9. Which of the following operator has the highest precedence?
(1)*
(2)==
(3)=>
(4)+
Ans : 4


If I have to answer that question, I will choose the answer *.
Does + has higher precedence than *?
Please explain me.

In the book I have read, * has higher precedence than +. But in the ture answer of that question is +. I think the answer is wrong.

Yes, you are right and your quiz master is wrong.
Where is this quiz, is it online somewhere?

Shocking - only 15 out of 20, surely some mistake....

1. Which of the following is an example of compounded assignment statement?
a = 5
a += 5
a = b = c
a = b
Ans : 2

Since K&R doesn't actually define the term "compounded assignment", one is left guessing as to what the hell they're talking about. Their answer is correctly called an assignment operator.

4. The operator / can be applied to
integer values
float values
double values
All of these
Ans : 2

Apparently, we're supposed to use something other than / for division of ints and doubles :icon_rolleyes:

9. Which of the following operator has the highest precedence?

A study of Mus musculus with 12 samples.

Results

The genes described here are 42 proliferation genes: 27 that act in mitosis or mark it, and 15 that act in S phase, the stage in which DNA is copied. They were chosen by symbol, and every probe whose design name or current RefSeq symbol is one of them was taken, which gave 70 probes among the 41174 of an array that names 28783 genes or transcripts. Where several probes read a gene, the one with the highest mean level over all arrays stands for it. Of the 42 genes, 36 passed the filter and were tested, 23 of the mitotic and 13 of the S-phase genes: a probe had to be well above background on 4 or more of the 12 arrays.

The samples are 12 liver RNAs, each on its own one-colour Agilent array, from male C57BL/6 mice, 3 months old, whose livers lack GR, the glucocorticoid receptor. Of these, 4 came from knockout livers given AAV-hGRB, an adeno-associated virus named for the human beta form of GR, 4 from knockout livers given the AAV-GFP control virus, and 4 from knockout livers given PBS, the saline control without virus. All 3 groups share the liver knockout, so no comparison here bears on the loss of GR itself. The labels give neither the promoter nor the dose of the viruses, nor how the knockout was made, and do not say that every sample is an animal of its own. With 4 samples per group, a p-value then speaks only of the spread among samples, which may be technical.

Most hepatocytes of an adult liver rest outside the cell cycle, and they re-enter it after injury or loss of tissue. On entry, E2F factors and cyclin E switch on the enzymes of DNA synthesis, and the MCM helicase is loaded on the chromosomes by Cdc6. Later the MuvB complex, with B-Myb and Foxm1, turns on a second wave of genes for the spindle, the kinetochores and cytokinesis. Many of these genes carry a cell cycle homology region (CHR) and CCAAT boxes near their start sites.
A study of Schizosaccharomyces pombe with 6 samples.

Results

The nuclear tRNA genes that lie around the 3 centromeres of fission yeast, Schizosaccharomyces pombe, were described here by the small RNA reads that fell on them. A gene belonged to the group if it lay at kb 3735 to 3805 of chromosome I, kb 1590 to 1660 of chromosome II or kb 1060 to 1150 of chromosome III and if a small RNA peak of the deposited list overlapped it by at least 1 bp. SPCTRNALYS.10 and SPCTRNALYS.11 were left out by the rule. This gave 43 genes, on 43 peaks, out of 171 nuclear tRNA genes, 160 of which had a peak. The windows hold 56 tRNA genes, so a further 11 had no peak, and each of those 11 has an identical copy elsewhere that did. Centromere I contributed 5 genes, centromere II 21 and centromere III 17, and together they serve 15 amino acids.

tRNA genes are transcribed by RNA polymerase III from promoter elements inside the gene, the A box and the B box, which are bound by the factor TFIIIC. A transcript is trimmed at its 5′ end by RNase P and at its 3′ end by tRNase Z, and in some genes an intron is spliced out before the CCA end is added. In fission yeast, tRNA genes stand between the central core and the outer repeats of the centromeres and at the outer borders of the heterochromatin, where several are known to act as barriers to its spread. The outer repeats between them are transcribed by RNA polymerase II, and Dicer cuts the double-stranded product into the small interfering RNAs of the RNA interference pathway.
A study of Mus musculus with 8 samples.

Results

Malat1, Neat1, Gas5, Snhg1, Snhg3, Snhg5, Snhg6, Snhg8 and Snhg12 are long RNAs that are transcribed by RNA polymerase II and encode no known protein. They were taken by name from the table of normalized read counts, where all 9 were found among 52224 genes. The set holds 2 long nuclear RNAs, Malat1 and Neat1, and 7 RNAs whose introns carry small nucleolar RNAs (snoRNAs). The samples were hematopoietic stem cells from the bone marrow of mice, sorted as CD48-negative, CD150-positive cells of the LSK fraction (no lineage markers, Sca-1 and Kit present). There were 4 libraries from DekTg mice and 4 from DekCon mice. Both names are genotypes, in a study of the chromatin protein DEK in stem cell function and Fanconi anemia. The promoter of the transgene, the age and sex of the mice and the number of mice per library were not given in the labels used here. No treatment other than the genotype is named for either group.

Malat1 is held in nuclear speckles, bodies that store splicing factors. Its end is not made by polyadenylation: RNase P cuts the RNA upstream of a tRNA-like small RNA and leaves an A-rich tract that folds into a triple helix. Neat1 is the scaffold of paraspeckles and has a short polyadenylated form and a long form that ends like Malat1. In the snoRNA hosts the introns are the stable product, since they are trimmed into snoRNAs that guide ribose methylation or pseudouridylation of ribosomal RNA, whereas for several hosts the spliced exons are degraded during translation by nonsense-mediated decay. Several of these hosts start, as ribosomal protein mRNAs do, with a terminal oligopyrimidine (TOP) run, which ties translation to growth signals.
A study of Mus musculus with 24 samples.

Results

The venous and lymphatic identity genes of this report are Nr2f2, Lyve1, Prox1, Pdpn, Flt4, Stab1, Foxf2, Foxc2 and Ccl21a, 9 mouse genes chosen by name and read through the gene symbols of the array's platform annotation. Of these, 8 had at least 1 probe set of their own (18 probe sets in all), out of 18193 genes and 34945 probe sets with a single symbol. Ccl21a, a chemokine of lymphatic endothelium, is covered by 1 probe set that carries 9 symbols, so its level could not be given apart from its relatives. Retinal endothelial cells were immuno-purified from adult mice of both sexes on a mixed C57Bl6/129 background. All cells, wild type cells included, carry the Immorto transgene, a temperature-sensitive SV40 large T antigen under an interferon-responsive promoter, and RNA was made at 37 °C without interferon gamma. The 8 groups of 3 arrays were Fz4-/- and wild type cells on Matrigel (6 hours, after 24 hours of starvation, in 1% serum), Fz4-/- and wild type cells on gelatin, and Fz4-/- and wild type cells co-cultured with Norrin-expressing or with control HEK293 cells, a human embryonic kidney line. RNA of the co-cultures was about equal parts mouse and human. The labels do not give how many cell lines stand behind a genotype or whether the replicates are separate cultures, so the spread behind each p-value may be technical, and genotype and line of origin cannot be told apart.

*
==
=>
+
Ans : 4

Since => isn't actually an operator, I toyed with the idea that it was a typo and it really meant ->
Their "answer" comes in from left field and complete levels anyone with any competence in C.

16. What will be the output of the expression 11 ^ 5?
5
6
11
None of these
Ans : 2

Yet more trouble for anyone who actually knows the answer rather than some chimp guessing away.

Somewhat strangely, it is the "right" answer if you assume that the "11" is in binary, and the "5" is decimal, but that sure is a contrived way of screwing things up. It certainly wouldn't compile as an expression.

20. p++ executes faster than p+1 because
p uses registers
p++ is a single instruction
++ is faster than +
None of these
Ans : 2

I was bound to get this one wrong because the quizmaster has obviously got some weird implementation specific view of how the universe works. Nowhere in the standard does it state that ++ should be a single instruction, because there is no need for such a detail. Indeed, the very notion that ++ may be faster than +1 is flawed, since any half-decent compiler will render the same code for them anyway.

Yes, that is one of the poorer online C tests I've seen in a while. You'd do well to avoid it.

Comments
i will make sure to avoid it as well!